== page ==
Police in Nelson are cracking down on the use of motorised bicycles, some of which have been breaking the law.
They said the bikes were becoming a trend, which was a concern because a crash involving one could lead to serious injuries or death, as happened near Motueka in 2014.
Nelson Bays senior sergeant Scott Richardson said two disqualified drivers in Nelson had recently been arrested and charged after they were stopped while riding motorised bicycles.
One of them had been travelling at more than 60km/h in a 50km/h zone and police in Canterbury had noticed dozens of the bikes appearing, Mr Richardson said.
Two people stopped in Nelson in recent weeks were a sign the problem was growing locally.
Mr Richardson said the bikes, which were usually home-adapted and included an engine, presented a couple of major hazards, including that it was difficult for motorists to judge their speed.
"They're not a very safe vehicle. If they crash they don't respond like a motorcycle's designed to - and that can cause very serious injuries.
"Most of the people riding them aren't wearing motorcycle helmets - they're wearing bicycle helmets which just aren't designed for the speeds these vehicles can cruise along at.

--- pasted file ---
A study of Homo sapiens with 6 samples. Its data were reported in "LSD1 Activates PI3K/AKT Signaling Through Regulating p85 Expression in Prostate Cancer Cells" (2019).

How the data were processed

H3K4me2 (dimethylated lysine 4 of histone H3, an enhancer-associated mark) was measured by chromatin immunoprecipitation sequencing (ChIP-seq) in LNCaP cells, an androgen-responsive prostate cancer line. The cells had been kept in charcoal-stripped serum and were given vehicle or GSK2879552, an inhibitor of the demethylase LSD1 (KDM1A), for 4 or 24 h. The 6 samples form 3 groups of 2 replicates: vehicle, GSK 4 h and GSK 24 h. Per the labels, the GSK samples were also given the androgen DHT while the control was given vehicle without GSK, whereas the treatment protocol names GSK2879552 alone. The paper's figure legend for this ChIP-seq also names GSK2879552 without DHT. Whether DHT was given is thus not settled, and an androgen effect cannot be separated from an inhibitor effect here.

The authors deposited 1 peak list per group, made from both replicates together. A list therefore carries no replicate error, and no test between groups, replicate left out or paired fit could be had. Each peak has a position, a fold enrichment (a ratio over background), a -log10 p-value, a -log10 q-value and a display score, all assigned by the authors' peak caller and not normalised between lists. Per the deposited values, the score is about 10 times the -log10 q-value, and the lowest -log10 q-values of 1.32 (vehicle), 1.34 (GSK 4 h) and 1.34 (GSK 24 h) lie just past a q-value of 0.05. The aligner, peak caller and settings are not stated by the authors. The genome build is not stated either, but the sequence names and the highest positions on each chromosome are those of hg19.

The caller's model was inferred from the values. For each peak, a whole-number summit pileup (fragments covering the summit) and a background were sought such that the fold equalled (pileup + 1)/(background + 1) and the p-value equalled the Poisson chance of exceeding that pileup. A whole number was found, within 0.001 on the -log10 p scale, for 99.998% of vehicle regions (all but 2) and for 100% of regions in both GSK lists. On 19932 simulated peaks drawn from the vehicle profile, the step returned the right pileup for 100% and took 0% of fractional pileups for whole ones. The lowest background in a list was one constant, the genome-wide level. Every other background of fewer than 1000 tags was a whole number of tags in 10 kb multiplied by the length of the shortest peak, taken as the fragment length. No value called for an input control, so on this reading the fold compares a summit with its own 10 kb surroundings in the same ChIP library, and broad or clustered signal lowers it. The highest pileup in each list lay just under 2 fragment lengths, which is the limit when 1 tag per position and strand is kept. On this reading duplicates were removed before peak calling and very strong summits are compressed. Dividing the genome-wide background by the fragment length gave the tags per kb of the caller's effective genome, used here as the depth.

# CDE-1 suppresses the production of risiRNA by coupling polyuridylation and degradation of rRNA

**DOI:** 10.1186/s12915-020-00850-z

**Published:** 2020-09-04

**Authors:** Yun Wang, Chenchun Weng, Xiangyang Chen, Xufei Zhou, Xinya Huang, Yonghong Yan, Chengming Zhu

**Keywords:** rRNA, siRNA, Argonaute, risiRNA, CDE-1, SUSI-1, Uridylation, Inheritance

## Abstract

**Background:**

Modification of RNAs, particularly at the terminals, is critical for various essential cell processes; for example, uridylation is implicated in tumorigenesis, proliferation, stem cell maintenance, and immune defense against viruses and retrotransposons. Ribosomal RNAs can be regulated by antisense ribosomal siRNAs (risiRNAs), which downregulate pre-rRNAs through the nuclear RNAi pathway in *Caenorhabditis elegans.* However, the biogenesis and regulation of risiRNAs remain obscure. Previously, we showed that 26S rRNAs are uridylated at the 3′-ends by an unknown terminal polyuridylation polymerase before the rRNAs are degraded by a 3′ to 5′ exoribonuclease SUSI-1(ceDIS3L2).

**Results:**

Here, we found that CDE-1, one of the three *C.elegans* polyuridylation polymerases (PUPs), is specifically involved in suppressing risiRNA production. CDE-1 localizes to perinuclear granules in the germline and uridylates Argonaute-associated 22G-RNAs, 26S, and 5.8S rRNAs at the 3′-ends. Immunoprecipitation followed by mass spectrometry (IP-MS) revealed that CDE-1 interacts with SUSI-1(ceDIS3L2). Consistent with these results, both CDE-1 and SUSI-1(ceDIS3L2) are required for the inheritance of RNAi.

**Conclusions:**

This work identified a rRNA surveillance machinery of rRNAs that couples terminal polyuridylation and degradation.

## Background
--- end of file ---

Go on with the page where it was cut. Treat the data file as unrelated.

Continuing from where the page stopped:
"The kinetic energy when you're pushing a bike along at 50km/h can cause very serious injuries if it hits another cyclist or a pedestrian," he said.
Mr Richardson said a coroner's report into the death of Thomas Patrick McCarthy near Motueka would be released soon.
Mr McCarthy died after crashing his homemade motorised bicycle into a ditch on Brooklyn Valley Road near Motueka in 2014. He had been wearing a helmet, Mr Richardson said.
"They aren't bicycles - they're effectively motorbikes, and wherever a motorcycle shouldn't be allowed, these shouldn't be either," Mr Richardson said.
The motorised bikes were not a loophole for disqualified drivers, he said.
"There's no way it's a legal vehicle for a disqualified driver."